Bill to release police body camera video headed for Kansas House debate

TOPEKA (CAPITOL BUREAU)  – The issue of how soon police body camera videos should be released is now headed for debate in the Kansas House. However, it isn't moving forward without changes.

It was the controversy over the body camera video from the Dominique White case that renewed the debate over how long it should take police departments to release body camera video to the families of those involved.

White was shot and killed by Topeka police in September. However it took four months for his family to gain access to view the video.

House Bill 2571 requires law enforcement agencies to release body camera video in deadly or excessive force investigations to families within 20 days.

"You don't lose trust in law enforcement, it doesn't put the city or municipality in a situation of unrest, and I think it's information that should be put out for families," explained State Rep. John Alcala, D-Topeka.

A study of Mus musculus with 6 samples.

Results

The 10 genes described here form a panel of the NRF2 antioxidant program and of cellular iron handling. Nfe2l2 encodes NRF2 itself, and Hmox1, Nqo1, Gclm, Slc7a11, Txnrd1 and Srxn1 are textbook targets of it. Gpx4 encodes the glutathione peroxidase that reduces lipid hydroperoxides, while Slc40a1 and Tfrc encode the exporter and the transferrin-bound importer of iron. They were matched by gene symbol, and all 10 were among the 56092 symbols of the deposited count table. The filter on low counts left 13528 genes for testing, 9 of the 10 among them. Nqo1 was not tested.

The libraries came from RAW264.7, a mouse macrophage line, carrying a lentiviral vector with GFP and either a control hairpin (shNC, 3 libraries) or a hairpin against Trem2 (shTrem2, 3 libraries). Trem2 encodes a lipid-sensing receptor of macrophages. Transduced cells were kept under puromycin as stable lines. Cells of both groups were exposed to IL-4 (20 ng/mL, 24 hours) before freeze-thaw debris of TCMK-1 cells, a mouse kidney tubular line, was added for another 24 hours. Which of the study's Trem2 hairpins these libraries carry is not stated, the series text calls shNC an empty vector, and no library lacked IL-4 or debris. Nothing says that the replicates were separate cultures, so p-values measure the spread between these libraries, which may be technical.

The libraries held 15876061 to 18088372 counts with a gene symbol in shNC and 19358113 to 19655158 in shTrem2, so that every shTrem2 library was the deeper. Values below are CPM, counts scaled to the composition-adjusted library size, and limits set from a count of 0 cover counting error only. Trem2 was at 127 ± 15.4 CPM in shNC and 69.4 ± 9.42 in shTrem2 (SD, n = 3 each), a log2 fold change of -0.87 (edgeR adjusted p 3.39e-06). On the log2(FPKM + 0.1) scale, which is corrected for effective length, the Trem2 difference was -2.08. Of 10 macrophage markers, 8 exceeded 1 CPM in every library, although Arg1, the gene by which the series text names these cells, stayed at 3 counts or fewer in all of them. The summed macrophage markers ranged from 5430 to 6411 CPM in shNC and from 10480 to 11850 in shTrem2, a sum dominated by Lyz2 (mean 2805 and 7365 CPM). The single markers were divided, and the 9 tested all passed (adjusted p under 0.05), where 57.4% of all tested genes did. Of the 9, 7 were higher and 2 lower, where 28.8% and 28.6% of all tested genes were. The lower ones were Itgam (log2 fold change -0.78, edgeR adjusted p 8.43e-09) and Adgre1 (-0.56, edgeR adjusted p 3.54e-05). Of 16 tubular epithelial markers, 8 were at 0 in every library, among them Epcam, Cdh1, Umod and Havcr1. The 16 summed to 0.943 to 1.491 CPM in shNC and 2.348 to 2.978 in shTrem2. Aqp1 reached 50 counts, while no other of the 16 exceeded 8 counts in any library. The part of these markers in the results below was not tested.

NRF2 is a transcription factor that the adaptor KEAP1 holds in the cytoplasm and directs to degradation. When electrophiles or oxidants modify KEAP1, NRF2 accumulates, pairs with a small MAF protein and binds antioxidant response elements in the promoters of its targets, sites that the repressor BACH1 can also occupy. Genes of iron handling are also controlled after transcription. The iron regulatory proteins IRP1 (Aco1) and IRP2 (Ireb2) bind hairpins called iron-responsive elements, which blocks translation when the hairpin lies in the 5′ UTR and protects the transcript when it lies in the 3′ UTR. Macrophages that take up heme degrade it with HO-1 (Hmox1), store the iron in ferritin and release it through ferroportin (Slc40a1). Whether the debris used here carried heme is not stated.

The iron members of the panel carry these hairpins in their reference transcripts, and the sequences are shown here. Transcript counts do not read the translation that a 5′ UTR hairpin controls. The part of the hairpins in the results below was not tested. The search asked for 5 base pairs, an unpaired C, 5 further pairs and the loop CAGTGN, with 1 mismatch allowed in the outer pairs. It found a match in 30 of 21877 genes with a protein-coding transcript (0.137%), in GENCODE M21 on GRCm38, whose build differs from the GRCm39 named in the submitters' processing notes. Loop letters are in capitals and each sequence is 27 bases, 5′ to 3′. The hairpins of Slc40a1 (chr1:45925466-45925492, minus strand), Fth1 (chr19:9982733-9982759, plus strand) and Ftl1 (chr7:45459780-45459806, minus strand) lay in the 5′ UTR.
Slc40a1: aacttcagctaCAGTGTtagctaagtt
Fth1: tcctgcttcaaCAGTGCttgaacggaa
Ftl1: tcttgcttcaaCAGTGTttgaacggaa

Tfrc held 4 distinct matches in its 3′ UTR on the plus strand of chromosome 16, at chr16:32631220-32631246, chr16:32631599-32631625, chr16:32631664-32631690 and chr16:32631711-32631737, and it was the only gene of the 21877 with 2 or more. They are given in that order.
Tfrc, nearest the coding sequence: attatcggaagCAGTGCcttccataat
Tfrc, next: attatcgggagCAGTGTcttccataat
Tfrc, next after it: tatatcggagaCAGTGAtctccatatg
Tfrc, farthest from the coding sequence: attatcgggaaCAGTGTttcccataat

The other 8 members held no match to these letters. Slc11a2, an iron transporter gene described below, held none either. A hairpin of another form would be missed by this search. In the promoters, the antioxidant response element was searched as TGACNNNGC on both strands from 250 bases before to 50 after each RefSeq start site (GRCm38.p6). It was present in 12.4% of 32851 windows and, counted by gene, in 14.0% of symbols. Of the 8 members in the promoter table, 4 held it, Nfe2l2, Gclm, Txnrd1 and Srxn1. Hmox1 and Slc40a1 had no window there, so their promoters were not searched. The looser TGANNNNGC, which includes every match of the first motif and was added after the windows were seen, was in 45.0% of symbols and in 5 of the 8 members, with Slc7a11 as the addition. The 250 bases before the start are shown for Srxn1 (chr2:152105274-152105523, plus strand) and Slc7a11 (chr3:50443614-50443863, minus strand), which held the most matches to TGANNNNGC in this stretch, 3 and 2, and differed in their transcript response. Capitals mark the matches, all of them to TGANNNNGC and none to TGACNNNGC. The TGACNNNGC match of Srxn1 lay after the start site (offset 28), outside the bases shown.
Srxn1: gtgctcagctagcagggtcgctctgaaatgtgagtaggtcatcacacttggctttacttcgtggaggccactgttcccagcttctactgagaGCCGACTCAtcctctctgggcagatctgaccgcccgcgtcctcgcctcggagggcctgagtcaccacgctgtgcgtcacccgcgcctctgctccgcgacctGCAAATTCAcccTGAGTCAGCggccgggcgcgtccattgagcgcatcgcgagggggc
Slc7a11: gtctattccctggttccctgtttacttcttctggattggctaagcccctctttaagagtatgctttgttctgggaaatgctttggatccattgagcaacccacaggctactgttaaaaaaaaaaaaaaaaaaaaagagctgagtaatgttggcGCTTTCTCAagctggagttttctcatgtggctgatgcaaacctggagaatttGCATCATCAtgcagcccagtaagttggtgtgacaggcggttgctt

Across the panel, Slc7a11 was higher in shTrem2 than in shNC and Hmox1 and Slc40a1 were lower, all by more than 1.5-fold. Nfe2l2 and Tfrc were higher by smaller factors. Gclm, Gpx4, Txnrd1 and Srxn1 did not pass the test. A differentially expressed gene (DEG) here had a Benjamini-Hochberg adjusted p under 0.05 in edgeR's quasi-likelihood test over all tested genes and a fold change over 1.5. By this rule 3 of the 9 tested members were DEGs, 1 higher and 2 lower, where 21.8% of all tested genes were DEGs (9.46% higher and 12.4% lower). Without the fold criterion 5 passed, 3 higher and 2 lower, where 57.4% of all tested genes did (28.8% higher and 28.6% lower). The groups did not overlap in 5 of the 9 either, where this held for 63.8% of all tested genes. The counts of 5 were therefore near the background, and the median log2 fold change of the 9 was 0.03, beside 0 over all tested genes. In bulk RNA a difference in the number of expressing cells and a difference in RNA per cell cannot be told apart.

The bill, which has passed out of committee, leaves the decision up to individual departments, for when to release the video to the public.

"This is what the parties could agree on and then we can let them kind of work in more depth when they're not under the timeline pressures of the legislative session," said State Rep. Blaine Finch, R-Ottawa.

The bill also allows parents to become heirs in order to view the body camera video, which wasn't the case for the White family.

"In the White case the parents had to go and become executors of the estate for Dominique White because his heirs were minor children," added Alcala.

While the final bill heading to the floor doesn't include all the changes Rep. Alcala had hoped for, he says it's a step in the right direction.

"Any part of transparency that we can get out and change is good," he said.

The House is expected to debate the bill later this week.